Rabbi Yosef Kanefsky says: “The true essence of the Redemption, the departure of the Hebrews from Egypt, is not the passage from slavery to freedom, but rather the acquisition and promulgation of a body of laws that dignifies, sanctifies and elevates our thoughts and actions, both individually and nationally. Redemption, at its deepest root, is taking possession, and ultimately creating, a society based on a body of just laws, which embodies the way of God.”
Kanefsky continues: “Because it was not just simple commandments, the ritual Halacha, that we received by being redeemed. With the Torah, Moses was also giving us the law on how and when to include the foreigner who wishes to celebrate Passover with us and how we must establish a single law and a single Torah, both for the native born among us, as well as for the stranger. ”
The Torah is a manual of conduct, it is not a catechism of beliefs. It was at Sinai that Moses received the divine order to teach the people 613 commandments. The same God who brought the Hebrews out of slavery in Egypt not only taught them the value of freedom, but now required them to be bound by the discipline of the divine commandments.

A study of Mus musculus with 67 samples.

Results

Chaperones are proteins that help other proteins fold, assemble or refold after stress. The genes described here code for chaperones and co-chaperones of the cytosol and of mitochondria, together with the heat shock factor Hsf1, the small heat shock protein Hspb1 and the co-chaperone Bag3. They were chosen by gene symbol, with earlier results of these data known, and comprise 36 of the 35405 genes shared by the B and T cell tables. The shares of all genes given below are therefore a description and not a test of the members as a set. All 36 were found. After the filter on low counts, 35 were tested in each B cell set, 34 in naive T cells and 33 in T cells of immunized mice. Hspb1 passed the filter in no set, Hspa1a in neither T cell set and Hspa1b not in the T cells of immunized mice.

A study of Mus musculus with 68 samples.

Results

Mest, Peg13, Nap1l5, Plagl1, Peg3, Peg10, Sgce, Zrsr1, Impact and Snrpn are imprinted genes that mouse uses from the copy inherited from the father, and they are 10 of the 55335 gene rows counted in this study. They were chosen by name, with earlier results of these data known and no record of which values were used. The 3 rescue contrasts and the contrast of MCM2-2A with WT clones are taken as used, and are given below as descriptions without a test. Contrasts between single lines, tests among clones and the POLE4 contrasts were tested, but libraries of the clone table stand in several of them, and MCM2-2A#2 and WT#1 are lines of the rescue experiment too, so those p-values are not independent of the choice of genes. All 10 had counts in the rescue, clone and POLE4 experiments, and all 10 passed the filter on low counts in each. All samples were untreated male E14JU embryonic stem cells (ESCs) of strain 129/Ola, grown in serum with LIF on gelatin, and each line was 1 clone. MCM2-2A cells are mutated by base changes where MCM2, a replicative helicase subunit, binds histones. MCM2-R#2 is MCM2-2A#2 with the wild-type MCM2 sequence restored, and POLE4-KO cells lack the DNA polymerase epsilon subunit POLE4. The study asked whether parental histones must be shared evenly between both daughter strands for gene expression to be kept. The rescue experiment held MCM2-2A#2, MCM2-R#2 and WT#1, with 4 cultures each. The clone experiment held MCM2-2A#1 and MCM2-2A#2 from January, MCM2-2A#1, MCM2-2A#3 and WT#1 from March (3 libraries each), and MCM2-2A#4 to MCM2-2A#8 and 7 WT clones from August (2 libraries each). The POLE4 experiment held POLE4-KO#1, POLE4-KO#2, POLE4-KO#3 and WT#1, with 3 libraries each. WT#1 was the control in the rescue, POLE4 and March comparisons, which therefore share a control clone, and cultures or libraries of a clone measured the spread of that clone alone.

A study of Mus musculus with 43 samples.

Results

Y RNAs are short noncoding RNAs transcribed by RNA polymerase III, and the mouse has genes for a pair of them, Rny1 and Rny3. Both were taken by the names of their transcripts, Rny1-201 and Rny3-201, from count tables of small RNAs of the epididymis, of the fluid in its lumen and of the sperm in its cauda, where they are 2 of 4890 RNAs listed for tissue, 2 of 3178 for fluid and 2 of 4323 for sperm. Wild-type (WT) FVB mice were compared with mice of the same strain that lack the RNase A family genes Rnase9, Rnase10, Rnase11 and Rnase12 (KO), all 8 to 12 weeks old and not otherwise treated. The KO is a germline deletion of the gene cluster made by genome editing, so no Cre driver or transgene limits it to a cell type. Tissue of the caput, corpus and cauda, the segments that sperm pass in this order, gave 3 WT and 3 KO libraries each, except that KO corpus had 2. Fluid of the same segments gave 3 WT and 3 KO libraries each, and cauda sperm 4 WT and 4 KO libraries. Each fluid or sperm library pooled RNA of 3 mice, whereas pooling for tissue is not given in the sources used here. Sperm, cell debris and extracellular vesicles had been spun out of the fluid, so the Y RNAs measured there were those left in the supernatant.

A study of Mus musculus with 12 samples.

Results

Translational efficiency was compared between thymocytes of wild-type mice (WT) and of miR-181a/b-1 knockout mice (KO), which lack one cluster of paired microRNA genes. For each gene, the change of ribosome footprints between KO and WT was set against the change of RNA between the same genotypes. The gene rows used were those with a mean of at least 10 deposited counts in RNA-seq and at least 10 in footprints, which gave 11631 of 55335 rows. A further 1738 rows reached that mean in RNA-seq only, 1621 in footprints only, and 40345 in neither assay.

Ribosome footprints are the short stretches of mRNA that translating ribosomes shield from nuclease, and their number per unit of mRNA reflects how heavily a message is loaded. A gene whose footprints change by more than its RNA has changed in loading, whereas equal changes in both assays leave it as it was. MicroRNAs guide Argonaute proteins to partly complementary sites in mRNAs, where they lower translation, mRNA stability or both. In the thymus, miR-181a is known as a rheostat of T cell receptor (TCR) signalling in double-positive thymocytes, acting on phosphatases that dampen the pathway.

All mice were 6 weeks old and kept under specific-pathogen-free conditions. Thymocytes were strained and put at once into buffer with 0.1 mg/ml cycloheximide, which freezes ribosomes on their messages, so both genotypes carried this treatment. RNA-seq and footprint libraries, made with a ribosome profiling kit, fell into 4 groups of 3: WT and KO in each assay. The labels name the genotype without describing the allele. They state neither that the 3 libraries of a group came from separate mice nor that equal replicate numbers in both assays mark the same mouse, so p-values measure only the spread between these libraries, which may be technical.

Does it sound like a contradiction? Not at all. God wanted the Hebrews to learn what Will Durant, the great historian, was saying, referring to the most important lesson that history teaches: “Man became truly free when he recognized that he had to submit to the law.”
Some say Judaism more than a noun, is rather a verb. Its laws accompany the Jew from the moment he opens his eyes in the morning, to how he should go to bed at night; how you should handle the affairs in your business, how you should treat your parents, your partner, your children and how to commemorate the events that mark your life. It is a manual of how to live.
For various reasons, many of the 613 commandments do not apply today. The main one, although not the only one that prevents us from- keeping many of the commandments, is the fact that we no longer have the Temple of Jerusalem. Rabbi Israel Meir Kegan, the Chafetz Chaim, (1838-1933), wrote the Sefer Hamitzvoth Hakatzar, a compendium of the mitzvoth that do remain valid today: 271 that apply to the entire Jewish world and 26 that apply only to those living in Israel.
Our sages have dedicated a lot of time and effort to studying, commenting on, understanding, teaching and applying them. Many of them are universal values. More than being freed from Egypt, the mitzvoth, the commandments, were the true gift of God.
By Marcos Gojman.
Bibliography: Benjamin Blech “Understanding Judaism”, the Jafetz Chaim “The concise book of Mitzvoth” and Yosef Kanefsky’s article in “Morethodox”.